August 20, 2011 - Al Stephenson
My wife got the sports section first. She glanced at the headline and read the first couple of paragraphs of the story about a booster supplying illegal benefits to Miami Hurricane football and basketball players. She then looked at me and asked this question. "Do you think this will take the heat off of Ohio State?"
I suggested that it probably would not. Then I read the article.
If I was shocked by Jim Tressel's fall at Ohio State, I was stunned by what reportedly happened in Miami. If college Presidents could get together with NCAA officials to talk about change in the wake of Tatoogate at OSU, what must they be thinking now? Selling personal items and getting a discount on tattoos seems pretty petty in light of the accuasations concerning Miami booster Nevin Shapiro. If just some of the allegations are true, then college football is totally out of control and something must be done - soon!
What makes this story different (besides the benefits themselves) is that Shapiro ratted on himself. Shapiro is in prison as a convicted Ponzi schemer. He used some of the Ponzi money to "take care of" some 72 current and former Hurricane football and basketball players for several years. According to Shapiro much of what he did was with the knowledge of, and in some cases direct participation of certain Miami coaches.
As for the benefits, well hang on to your hat. Cash was given to players for meals, jewelry, etc. (No biggie here, probably happens at every major university in the country, right?) Strip club parties for players (and coaches?) were paid for by Shapiro. (What the heck?) Prostitutes were provided to players, sometimes on Shapiro's yacht. (Are you kidding me?) Shapiro claims he paid for an abortion for the girlfriend of a player. (OH MY GOD!)
Stunning is the only word that I can think of. Does it make Miami worse than OSU? Worse that USC? Worse than SMU? Worse than any other institution of higher learning that has been under NCAA investigation in the last century? Not necessarily.
For years most people were aware of abuses going on in college sports. When I was in Jacksonville, Florida on a college baseball trip in 1969 or 70 I saw a car on the JU campus that was beautiful. It was a red Chevrolet convertible with the drivers seat pushed back into the rear seat. The front license plate read Artis Gilmore JU. I'm guessing the 7 foot plus basketball player had that vehicle provided to him. That's what we guessed anyway and that is what we have assumed ever since. Some illegal benefits are taking place. As long as everyone else is doing the same thing and our team is successful, we turn the blind eye.
At some point we decide the excesses are too much. The NCAA comes in and slaps our collective wrists and life goes on. Until it becomes too big again. Southern Methodist got the death penalty when the NCAA realized they were totally out of control with boosters throwing money at players and rumor had it that even the Governor of Texas was in on things. Gasp said the NCAA and then told SMU your football program is gone.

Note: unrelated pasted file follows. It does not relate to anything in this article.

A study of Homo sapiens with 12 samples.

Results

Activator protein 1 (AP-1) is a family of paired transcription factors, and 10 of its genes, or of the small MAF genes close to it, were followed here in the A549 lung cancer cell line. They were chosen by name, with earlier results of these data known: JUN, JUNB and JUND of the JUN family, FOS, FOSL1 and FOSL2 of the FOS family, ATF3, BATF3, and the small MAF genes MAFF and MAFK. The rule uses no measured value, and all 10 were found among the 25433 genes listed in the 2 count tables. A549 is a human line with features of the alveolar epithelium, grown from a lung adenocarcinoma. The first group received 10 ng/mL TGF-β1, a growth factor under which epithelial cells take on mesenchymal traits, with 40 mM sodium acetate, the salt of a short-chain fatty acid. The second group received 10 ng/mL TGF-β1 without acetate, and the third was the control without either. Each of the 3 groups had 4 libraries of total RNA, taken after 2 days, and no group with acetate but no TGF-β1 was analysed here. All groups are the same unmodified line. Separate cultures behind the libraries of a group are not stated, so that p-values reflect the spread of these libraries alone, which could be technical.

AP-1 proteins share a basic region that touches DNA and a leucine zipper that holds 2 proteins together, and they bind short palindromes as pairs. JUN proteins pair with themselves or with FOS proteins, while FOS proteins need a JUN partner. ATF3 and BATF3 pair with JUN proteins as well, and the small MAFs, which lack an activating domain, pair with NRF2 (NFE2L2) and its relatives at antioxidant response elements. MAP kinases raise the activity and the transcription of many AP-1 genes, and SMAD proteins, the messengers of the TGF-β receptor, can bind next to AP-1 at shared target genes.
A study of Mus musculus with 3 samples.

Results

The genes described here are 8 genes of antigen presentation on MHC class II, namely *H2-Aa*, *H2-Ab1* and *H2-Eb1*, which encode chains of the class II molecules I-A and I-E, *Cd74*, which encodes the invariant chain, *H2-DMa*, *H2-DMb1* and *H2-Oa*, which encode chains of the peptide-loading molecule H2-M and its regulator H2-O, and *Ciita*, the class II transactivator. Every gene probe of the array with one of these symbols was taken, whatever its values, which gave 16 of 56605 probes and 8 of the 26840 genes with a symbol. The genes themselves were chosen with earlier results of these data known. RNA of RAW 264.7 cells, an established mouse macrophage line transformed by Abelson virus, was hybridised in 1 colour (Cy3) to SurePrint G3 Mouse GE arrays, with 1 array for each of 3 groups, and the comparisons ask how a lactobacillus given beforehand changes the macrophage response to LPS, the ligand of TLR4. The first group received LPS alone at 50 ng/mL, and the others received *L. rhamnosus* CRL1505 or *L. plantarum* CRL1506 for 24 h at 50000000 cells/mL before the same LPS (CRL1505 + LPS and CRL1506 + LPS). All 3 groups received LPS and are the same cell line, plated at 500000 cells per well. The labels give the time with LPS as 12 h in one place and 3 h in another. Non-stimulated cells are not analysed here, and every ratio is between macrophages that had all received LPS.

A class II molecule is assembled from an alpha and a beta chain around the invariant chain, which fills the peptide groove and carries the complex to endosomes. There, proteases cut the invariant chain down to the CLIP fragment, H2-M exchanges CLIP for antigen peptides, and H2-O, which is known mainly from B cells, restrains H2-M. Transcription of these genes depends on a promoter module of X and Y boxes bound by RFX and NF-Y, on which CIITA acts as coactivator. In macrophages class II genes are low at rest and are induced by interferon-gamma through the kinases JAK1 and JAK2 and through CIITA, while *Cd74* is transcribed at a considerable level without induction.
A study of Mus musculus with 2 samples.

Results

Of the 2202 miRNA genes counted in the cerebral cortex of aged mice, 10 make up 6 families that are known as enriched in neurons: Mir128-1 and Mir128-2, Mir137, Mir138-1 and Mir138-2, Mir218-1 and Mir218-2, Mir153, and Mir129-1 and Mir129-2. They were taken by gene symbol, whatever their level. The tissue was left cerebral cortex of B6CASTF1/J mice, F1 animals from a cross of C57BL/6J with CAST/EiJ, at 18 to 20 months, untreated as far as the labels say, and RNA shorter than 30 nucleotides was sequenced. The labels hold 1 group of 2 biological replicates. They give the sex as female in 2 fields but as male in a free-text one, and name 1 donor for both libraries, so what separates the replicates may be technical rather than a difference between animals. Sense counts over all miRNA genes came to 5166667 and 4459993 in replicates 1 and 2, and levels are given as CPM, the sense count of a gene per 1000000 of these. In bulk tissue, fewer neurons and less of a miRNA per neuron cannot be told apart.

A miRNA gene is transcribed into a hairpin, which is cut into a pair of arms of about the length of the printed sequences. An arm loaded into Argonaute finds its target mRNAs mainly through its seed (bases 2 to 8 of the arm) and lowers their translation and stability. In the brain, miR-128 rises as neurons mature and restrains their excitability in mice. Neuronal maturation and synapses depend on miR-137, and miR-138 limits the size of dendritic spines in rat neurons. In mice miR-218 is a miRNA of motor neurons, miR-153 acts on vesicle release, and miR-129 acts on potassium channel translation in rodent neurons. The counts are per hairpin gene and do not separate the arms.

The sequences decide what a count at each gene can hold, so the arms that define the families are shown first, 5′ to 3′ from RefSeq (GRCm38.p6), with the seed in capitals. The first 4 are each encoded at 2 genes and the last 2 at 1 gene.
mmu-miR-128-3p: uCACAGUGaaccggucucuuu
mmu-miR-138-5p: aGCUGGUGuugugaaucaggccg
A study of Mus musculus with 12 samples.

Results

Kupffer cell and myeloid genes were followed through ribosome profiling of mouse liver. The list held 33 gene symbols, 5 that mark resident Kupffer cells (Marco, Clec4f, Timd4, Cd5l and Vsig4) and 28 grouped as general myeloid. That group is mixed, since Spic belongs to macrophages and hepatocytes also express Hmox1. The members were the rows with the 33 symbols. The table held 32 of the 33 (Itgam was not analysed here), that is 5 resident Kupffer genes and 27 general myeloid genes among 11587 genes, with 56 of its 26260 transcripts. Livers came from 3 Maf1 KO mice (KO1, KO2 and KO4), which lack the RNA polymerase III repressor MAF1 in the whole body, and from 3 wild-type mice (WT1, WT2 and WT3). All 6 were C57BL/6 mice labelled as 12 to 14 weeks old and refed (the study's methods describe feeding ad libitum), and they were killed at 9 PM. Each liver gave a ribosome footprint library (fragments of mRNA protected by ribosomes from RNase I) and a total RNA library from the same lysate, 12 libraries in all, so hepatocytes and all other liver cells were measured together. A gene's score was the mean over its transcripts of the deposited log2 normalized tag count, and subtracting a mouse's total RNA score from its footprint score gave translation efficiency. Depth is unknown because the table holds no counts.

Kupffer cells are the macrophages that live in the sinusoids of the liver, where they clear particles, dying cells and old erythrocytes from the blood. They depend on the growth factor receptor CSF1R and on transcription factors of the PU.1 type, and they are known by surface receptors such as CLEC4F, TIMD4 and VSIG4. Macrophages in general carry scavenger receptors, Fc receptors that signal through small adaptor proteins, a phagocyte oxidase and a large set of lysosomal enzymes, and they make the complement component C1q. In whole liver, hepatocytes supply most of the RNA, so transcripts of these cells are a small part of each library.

So what about the two situations here. I just can't support Jim Tressel even though I think he is basically a good person. When he found out about the Tatoo Five his contract said he must report the info to his superiors. He chose not to. Would he have, had the five players been second or third teamers instead of the stud QB, the top RB, one of the best WR, etc.? You can draw your own conclusions. He chose his path and he paid the price (at least from a legacy standpoint as the forced resignation was changed to retirement and a large cash bonus was added to the "firing" package).
Miami's situation is a little different. If it can be proven that any coaches were in on the "party", then they need to be punished. If athletic department officials, or school higher-ups were involved, then lack of institutional control is "on the table." There is another party in this situation that should be considered culpable. These players are young, but adults. They know the difference between right and wrong. You don't have to accept the services of a prostitute. You do not have to take money when it is offered and you know it is a violation of the rules. Many student-athletes do just that and many of them are very poor! If you make bad decisions there should be consequences. If those consequences hurt the overall team - so be it. Looking the other way when wrongdoing takes place to insure that your team wins has to come to an end. Doesn't it?
The view from my seat suggests that it would be wrong to discredit Nevin Shapiro and suggest that he is a rogue booster whose claims are not true simply because he is a convicted felon. There has been enough corroboration to his statements that much of what he claims seems to be true. How the NCAA will deal with this remains to be seen. We will have to wait to see how much can be proven.
As for change I would suggest that paying college athletes is NOT the way to go. Giving them money would only enable them to pay for their own prostitutes (yes, I know most would put it to good use), get a tatoo, bling or whatever. To me this would be the equivalent of going down to Skid Row and handing out bottles of wine.
There's help and there's not helping at all.